There is “a real power struggle going on between the pro-Israeli lobby" and the Obama administration, says a political analyst.

The conflict between the Obama administration and the American Israel Public Affairs Committee (AIPAC) is reaching a “climax,” says a political analyst from Canada.

US President Barrack Obama said on Sunday that Republican lawmakers are opposing the Iran nuclear agreement for political reasons.

Analysts say Republicans are opposing the Iran deal to avoid angering the pro-Israel lobby and prevent their Democratic rivals from getting any political advantage.

“The current conflict between US President Barack Obama and AIPAC is coming to a climax,” Edward Corrigan told Press TV on Tuesday.

“The only people, who are complaining about it (the agreement) are (Israeli Prime Minister Benjamin) Netanyahu and the pro-Israeli lobby in the United States and the Republican Party who are trying to outdo each other to get dollars for their campaigns in support of their stance on Israel,” he said.

Obama has accused the Israel lobby of spending millions of dollars to spread false claims about the Iran nuclear agreement, and vowed to push back.

At a meeting in the White House last week, Obama told AIPAC leaders that he would counter their efforts to scuttle the nuclear agreement with Iran, The New York Times reported, citing people present at the gathering.

The US president has launched an aggressive campaign of private entreaties and public advocacy to rally enough Democratic support to preserve the nuclear agreement ahead of a September vote on it in the Republican-led Congress.

However, several Democrats have broken ranks with the White House on the issue.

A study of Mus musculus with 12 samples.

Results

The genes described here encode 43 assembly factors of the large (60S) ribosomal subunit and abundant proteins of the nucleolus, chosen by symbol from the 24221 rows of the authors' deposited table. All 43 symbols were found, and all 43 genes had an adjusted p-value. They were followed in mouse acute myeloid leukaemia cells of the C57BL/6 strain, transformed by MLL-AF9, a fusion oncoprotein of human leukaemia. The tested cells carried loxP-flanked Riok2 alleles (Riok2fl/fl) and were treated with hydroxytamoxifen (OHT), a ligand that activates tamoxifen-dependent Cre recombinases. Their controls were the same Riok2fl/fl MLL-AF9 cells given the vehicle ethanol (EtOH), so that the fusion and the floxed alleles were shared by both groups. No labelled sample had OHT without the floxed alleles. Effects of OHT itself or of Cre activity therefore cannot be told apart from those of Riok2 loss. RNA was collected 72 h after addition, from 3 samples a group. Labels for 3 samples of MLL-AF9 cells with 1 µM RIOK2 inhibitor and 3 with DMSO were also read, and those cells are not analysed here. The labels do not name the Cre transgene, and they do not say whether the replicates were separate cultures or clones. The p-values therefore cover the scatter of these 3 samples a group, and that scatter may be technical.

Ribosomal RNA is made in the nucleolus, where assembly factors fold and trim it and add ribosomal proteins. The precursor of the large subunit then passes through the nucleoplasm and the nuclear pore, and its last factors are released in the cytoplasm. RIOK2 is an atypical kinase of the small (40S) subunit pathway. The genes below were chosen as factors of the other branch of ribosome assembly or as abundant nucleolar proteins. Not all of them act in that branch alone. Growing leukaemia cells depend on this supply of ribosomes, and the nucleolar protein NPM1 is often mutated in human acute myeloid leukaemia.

“But now it’s also a number of prominent members of the Democratic Party particularly members of the Jewish wing like the New York senator, (Charles Schumer), who was originally supporting the agreement, but he is now opposing it,” Corrigan noted.

“You have a real power struggle going on between the pro-Israel lobby and of course the administration led by Barack Obama and supported by many Democrats,” he said. “This is almost the first time there’s a full-out war between the pro-Israel lobby and the president of the United States.”

The Israeli prime minister and his Republican allies in Congress are trying to convince as many Democrats as possible to reject the nuclear accord.

“Netanyahu has no qualms about intervening in American politics and of course that would be almost unconscionable for any other country to do, but Netanyahu has done, but he’s done it repeatedly,” Corrigan said.

“The pro-Israeli Republicans and Democrats are very much beholding to money raised by people who support Israel,” he concluded.

US House Minority Whip Steny Hoyer, Democrat of Maryland, and 21 freshman House Democrats met with Netanyahu for more than two hours on Monday. The trip to Israel is funded by the American Israel Education Foundation, the charitable arm of AIPAC.